Fighter pay has been a topic of debate and discussion within the MMA community for decades now. MMA fighters don't get compensated like other athletes despite being a billion-dollar industry.
There are several reasons why some people argue that MMA fighter pay should be higher than what they currently get. Why should they demand such money? Here are the reasons why:
Risk and Physical Demands in MMA FightingMMA fighters put their bodies and health on the line every time they step into the ring, cage, or octagon. The physical demands and potential risks of injuries are significant.
It is just fair to be compensated for putting their lives on the line in the name of entertainment. A ton of sacrifice and risk should pay off and not become just a phase.
MMA Fighters Have a Limited Career Span
Wear and tear are faster when you are in combat sports. A fighter's career in the top promotions can be relatively short already due to needing to stay on the win column.
Add to these the physical toll that training and competing take on their bodies and they are playing with falling into a hole that is hard to climb out of.
It's good to maximize on such earning potential too due to its limitations. Higher pay can help them secure their financial future beyond their fighting years.
MMA Training Costs Can Build Up
Gone are the days when it's a mortal sin for MMA fighters to admit that they have a day job on top of training for professional MMA. That said, such life requires a substantial financial investment in coaching, facilities, equipment, and travel.
These costs build up and fighter pay isn't going to cut it, especially if you're in the regional leagues. At least higher pay can help offset these costs.
MMA Brings Entertainment Value
Fighters are any MMA promotion's main draw. Their performances generate revenue through ticket sales, pay-per-view buys, merchandise, and sponsorships.
Some argue that fighters should receive a larger share of the revenue they help generate. Besides, without them, there's no event even if you are the greatest promoter or businessman of all time.
Lack of Unionization from MMA FightersUnlike some other professional sports leagues, UFC fighters are not unionized, which can make it challenging for them to negotiate for better pay and working conditions collectively.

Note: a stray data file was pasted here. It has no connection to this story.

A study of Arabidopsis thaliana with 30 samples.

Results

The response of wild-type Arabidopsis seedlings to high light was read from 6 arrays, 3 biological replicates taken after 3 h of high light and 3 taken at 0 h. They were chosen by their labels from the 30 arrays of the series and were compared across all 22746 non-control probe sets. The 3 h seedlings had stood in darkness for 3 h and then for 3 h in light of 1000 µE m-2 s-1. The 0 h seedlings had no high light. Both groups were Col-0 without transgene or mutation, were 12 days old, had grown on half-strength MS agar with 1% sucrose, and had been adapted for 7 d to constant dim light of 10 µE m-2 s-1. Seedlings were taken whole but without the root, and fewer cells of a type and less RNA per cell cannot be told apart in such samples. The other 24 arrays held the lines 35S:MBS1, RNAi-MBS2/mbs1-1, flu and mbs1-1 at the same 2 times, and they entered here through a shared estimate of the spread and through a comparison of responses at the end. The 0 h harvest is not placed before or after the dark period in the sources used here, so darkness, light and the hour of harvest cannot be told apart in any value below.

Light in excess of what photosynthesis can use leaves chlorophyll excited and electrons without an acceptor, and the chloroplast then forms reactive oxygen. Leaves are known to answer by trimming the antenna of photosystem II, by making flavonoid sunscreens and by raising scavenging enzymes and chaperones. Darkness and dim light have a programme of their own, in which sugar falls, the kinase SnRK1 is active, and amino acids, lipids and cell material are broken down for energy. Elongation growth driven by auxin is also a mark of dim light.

Disparities in MMA Fighter PayThere have been instances where fighters on the undercard or prelims earn significantly less than the higher-profile fighters on the main card.
If some main carders need to have a day job just to sustain, more so the under carders. Critics argue that the roster should have a more equitable pay distribution.
Market Growth Of MMAMMA can still be considered a growing sport. It has made strides in terms of popularity to generate more revenue. Some believe that fighters should directly benefit from this growth through higher pay.
Cost of Living Is Higher for MMA FightersTraining costs is just one thing. Consider the fitness side of things where they also need to invest in quality food just to keep enough muscle mass to be in fight shape.
Some even have to relocate where they can find quality training facilities and coaching. Setting up camp outside home means you eat out a lot more too. Too much of it can further strain their finances if fighter pay isn't enough.
Post-Fight Medical Expenses Are Not Always CoveredFighters often need medical attention after fights due to injuries sustained during the match. Some believe the promotion should cover these expenses, further justifying higher pay.
Not all injuries are taken care of by the promotion. Oftentimes, injuries sustained in training are taken care by the fighters themselves out of their pockets.
At least higher MMA fighter pay will help offset contingency expenses.
MMA Promotions Need to Reconsider ContractsIt's important to note that while many people support higher fighter pay, there are also arguments on the other side.
Factors such as the business model of the promotion, the complexity of revenue distribution, and the potential impact on ticket prices and profitability. Finding a balance that benefits both fighters and the promotion is a complex challenge.
Rule of thumb should be that the frontliners should get the bigger end of the deal.